International white supremacist congress to be held in Budapest despite gov’t ban

October 2, 2014


The organiser of a white supremacist conference scheduled for Budapest this weekend has vowed to hold the event despite the government ban imposed by Interior Minister Sándor Pintér on Monday.

US far-right group the National Policy Institute (NPI) says it will hold its inaugural meeting of the “European Congress” movement in Budapest, but will only admit pre-registered participants. “The conference will take place,” NPI president Richard Spencer insisted on the organisation’s website. “This kind of free expression is explicitly protected by Hungary’s recently enacted constitution. Our fear is that much about the event might have been ‘lost in translation’ or, worse, that the ministry is responding to untruthful messages sent by those who oppose the congress, as well as the very notion of traditional European identity,” he added.

It is not clear what his US-based white supremacist organization has to do with “traditional European identity” or why it felt compelled to hold the inaugural meeting in Budapest.

Pintér initiated the banning of the congress at the behest of Hungarian Prime Minister Viktor Orbán, and has reportedly ordered National Police chief Károly Papp to refuse entry to Hungary to any of its participants.

The NPI says it chose Budapest as a venue because “Jobbik (is) one of the most promising traditionalist political parties in Europe”. However both the far-right party’s chairman Gábor Vona and its deputy caucus leader Márton Gyöngyösi have already backed out of the event after learning of the participation of US white supremacists.


Also scheduled to talk is the Russian political scientist Aleksandr Dugin,  the Kremlin ideologue once known as Putin’s Brain due to his close relations with Russian President Vladimir Putin. Dugin (pictured here, left, with Jobbik chairman Gábor Vona) was appointed as a professor at the prestigious Moscow State University and the head of the think-tank Center for Conservative Studies in 2008. Since then, as well as promulgating his own mystical theories on neo-Eurasianism, he has placed into the mainstream Putin’s authoritarian ideas on personal liberty, family values, homosexuality and the centrality of Orthodox Christianity. Dugin has also enthusiastically endorsed the Russian government’s action in Ukraine, calling on Putin to go further and invade east and south Ukraine, which he says “welcomes Russia, waits for it, pleads for Russia to come”.

However, regardless of the sensationalism around the event, Péter Krekó of Political Capital says many of the possible participants are fringe figures or has-beens.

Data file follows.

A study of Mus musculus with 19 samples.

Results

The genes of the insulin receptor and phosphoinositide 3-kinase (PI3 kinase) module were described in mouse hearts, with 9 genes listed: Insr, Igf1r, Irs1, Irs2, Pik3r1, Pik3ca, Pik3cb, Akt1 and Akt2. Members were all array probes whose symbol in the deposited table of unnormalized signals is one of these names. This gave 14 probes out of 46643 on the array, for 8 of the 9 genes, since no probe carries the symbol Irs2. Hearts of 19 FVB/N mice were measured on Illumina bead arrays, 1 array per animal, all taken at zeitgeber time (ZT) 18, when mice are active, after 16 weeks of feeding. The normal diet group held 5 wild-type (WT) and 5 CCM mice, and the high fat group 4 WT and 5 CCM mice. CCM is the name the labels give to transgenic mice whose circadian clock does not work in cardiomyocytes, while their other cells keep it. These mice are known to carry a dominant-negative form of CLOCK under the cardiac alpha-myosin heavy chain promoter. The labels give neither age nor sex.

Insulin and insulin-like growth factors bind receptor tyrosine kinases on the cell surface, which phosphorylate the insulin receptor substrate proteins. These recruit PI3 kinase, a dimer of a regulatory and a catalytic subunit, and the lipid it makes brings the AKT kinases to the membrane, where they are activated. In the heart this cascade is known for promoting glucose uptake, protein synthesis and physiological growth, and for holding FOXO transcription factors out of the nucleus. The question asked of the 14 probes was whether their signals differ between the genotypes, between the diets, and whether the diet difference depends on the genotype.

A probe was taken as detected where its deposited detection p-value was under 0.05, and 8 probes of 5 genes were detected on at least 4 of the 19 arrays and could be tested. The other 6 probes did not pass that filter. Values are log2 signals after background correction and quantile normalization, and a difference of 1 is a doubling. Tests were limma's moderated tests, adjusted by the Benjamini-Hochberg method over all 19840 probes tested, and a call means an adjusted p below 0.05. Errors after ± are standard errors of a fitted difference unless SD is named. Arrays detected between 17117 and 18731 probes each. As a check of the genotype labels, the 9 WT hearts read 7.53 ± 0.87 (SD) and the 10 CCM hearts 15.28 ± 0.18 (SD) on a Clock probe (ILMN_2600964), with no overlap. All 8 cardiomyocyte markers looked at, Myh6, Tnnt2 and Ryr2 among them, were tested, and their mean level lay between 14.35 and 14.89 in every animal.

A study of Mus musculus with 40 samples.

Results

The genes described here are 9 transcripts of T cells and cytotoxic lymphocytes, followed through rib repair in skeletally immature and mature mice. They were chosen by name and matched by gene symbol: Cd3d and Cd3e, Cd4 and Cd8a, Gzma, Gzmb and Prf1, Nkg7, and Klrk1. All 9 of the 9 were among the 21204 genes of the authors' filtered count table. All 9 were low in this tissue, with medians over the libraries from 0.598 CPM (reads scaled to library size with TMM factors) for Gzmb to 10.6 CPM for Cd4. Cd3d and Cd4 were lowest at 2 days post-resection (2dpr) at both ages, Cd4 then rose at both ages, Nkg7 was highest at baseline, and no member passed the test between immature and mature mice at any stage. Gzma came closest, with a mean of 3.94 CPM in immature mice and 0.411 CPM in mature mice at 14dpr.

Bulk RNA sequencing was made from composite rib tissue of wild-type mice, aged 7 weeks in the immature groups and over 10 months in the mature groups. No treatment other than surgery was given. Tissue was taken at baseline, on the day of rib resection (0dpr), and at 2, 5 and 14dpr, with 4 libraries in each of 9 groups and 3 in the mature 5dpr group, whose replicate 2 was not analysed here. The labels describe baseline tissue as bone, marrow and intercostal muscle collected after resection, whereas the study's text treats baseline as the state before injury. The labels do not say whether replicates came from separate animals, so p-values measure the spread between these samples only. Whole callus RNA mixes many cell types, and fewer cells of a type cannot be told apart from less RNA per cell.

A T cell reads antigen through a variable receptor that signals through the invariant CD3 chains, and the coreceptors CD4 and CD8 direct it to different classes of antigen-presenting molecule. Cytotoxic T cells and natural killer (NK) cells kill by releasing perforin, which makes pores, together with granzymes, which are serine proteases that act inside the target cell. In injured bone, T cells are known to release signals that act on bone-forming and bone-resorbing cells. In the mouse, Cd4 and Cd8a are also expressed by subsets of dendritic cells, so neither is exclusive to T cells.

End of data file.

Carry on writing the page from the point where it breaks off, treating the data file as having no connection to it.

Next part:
The former Kremlin darling’s star is now in the descendant, Krekó told The Budapest Beacon. “Dugin was a professor at Moscow State University but (according to Dugin) was recently fired for an extreme statement about Ukraine,” he explained.

Dugin had in fact said the best way to deal with Ukrainians is “to kill, kill, kill. There should be no more conversations. As a professor, I think so.”

Krekó said: “There are some ideologues around Putin, they can form public opinion, and Aleksandr Dugin is one of the most popular public figures in Russia. But they are disposable: Putin can pick them up and throw them away. For Putin ideologies are merely a tool in the power game, and he can change his ideology in a short time. Surprisingly enough, Jobbik was the biggest name (scheduled to attend the European Congress), and the only player with real political support. Dugin is not as influential as he was.”

Orbán has reportedly ordered Pintér to “use all means available” to prevent the congress. Pintér said the event “is built on openly racist ideological grounds, participants openly promulgate race-theory, therefore the expression of their ideas runs counter to Hungary’s Basic Law”.

However the Hungarian Civil Liberties Union (TASZ) says Pintér’s ban is contrary to the Basic Law that was drawn up by his own party. TASZ said while it strongly opposes the ideas that will be propounded at the congress, “freedom of expression equally applies to those spreading racist theories”. According to them, there is no criminal act as long as nobody’s rights are violated. Until then it can be considered peaceful and legal. “So far there has been no sign that this will not be the case,” it wrote.

The Anti-Fascist League is planning a counter-protest by forming a human chain barring entry to the congress, which the NPI says will be held somewhere in Budapest from October 3-5.  The original venue, Larus Rendezvényközpont, had already announced before the ban was imposed that it would not host the event due to its undemocratic nature.

Spencer has posted a video message on YouTube entitled Perseverance, in which he bizarrely argues in favour of European pluralism and quotes from the HBO swords and sandals television series “Game of Thrones”.

“To all those who have registered to attend… check your email. I will keep you abreast of our ongoing plans. We shall overcome,” Spencer says, invoking the civil rights movement of the 1960s.

“The NPI is made up of white supremacist lunatics,” Krekó asserts.